Clash of identities in South Florida: An examination of the complexity of racial and national identity and their impact on ethnic solidarity between black Americans and Jamaicans
Immigrants from the West Indies and other nations challenge the simple United States dichotomy of blacks versus whites. Many apparently black Caribbean immigrants proclaim that they did not know they were “black” until they arrived in the U.S. They seek to maintain their national identity and resist identity and solidarity with Black Americans. In response, many Black Americans respond that the immigrants are simply being naive, that U.S. society demands simple racial identity. Regardless of one's self-identity and personal history, in the U.S., if you look black, you are black, was their thinking. ^ This study examines the contemporary struggle of identity and solidarity among and between Black Americans and Jamaicans living in South Florida (Broward and Miami-Dade counties). Even though the primary focus of this study is to examine the relationship between Black Americans and Jamaicans, other West Indian nationals will be addressed more generally. The primary research problem of this study is to determine why the existence of common ancestry and physical traits are insufficient for an assumption of ethnic solidarity between Black Americans and Jamaicans. ^ In examining this problem, I felt that depth rather than breadth would provide insight into the current state of polarization between Black Americans and Jamaicans. To this end, a qualitative study was designed. A non-random snowball sample consisting of forty-seven informants was selected for this study. Realizing that such a technique presents problems with generalizations beyond the sample, this approach was, nonetheless, the most suitable for the current research problem. One of the initial challenges of this research was the use of the label “black” in discussing Caribbean immigrants. Unlike America, where distinctions based on skin color were at the bedrock of America's formation, this was not the case in the Caribbean. In the Caribbean skin color was an important marker as an indicator of class, rather than of race. Therefore, I refrained from using the label, “black Jamaicans,” but rather used Jamaicans throughout. ^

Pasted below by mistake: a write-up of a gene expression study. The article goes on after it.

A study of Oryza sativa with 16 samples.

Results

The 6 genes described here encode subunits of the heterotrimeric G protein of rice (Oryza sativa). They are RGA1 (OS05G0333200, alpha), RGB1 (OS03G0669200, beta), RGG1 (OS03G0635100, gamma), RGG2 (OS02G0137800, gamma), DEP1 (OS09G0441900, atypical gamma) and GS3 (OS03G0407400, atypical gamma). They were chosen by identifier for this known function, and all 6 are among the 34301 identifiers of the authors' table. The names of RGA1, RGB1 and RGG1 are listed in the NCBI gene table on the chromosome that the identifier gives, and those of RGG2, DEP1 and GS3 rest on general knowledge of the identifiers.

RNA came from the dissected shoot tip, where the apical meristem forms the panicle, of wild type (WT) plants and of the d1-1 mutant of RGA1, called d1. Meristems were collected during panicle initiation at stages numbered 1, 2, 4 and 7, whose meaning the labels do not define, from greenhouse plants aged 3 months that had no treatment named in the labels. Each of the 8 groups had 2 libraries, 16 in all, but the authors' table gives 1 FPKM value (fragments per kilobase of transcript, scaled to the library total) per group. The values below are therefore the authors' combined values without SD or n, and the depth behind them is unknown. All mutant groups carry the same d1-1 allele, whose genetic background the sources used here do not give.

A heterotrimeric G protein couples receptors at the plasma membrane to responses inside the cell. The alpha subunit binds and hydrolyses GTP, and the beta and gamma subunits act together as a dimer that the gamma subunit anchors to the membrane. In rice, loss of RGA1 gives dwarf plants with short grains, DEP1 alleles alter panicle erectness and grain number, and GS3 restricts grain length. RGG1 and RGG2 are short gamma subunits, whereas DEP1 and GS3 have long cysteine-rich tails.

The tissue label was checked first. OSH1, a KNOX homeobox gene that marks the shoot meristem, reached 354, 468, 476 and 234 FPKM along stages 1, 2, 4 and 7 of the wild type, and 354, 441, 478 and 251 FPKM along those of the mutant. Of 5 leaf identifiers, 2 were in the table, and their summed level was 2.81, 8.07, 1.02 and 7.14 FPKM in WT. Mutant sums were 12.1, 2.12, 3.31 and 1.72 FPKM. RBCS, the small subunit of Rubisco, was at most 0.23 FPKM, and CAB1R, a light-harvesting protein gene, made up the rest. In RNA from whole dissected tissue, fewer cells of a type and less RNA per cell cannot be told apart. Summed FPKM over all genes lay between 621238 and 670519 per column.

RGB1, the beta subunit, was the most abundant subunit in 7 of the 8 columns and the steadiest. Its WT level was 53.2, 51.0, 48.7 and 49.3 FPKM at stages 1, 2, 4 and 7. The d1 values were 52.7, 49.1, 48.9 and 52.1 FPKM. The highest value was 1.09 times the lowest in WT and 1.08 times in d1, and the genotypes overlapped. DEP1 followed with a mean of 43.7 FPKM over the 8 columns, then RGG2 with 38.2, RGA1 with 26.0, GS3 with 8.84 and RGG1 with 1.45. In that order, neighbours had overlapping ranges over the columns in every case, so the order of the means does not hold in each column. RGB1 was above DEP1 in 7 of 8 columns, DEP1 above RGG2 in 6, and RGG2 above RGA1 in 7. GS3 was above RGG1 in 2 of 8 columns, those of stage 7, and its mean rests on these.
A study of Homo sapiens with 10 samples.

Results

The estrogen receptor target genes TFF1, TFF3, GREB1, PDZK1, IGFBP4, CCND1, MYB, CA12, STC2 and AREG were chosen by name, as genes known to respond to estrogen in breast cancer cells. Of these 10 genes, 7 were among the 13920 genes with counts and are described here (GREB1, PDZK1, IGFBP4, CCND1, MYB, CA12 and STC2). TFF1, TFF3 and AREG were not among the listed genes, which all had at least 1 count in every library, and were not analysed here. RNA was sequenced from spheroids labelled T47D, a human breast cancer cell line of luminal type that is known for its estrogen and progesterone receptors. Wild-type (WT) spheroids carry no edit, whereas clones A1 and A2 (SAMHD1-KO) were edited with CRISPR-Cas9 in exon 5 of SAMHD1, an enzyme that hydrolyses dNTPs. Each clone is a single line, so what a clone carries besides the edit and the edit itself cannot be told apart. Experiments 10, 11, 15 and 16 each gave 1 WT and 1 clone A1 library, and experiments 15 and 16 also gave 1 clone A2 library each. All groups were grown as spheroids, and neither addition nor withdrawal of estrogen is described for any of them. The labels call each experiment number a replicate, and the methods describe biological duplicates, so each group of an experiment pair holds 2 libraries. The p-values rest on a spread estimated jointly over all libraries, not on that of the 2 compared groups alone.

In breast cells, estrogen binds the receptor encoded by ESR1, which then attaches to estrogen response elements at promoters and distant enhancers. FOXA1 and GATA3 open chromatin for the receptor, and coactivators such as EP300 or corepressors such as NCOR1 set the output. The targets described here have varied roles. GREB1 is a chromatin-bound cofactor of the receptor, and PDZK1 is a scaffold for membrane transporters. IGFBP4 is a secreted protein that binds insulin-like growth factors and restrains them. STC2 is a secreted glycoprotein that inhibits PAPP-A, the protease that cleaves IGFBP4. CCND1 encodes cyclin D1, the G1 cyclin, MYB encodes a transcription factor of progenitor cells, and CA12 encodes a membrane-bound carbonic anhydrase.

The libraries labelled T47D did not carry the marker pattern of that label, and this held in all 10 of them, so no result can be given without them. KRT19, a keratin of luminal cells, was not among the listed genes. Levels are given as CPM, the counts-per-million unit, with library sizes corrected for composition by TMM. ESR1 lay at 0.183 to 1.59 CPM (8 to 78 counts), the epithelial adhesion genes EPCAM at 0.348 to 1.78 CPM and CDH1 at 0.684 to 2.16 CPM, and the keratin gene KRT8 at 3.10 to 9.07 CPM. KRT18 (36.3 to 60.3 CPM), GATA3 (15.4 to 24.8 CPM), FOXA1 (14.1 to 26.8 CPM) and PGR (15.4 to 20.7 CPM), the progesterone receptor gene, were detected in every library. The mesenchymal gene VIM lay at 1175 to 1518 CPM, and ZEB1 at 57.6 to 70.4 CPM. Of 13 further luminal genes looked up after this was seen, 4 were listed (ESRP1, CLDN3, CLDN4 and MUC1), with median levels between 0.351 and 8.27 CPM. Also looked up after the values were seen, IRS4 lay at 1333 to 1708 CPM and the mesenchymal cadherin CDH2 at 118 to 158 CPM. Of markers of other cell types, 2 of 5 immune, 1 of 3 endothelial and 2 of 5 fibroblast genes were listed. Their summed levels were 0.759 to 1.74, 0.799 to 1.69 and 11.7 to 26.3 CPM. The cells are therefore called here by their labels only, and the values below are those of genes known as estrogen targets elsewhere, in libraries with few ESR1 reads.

Black Studies|Sociology, Ethnic and Racial Studies
Osborne, Bennie L, "Clash of identities in South Florida: An examination of the complexity of racial and national identity and their impact on ethnic solidarity between black Americans and Jamaicans" (2000). ProQuest ETD Collection for FIU. AAI3004859.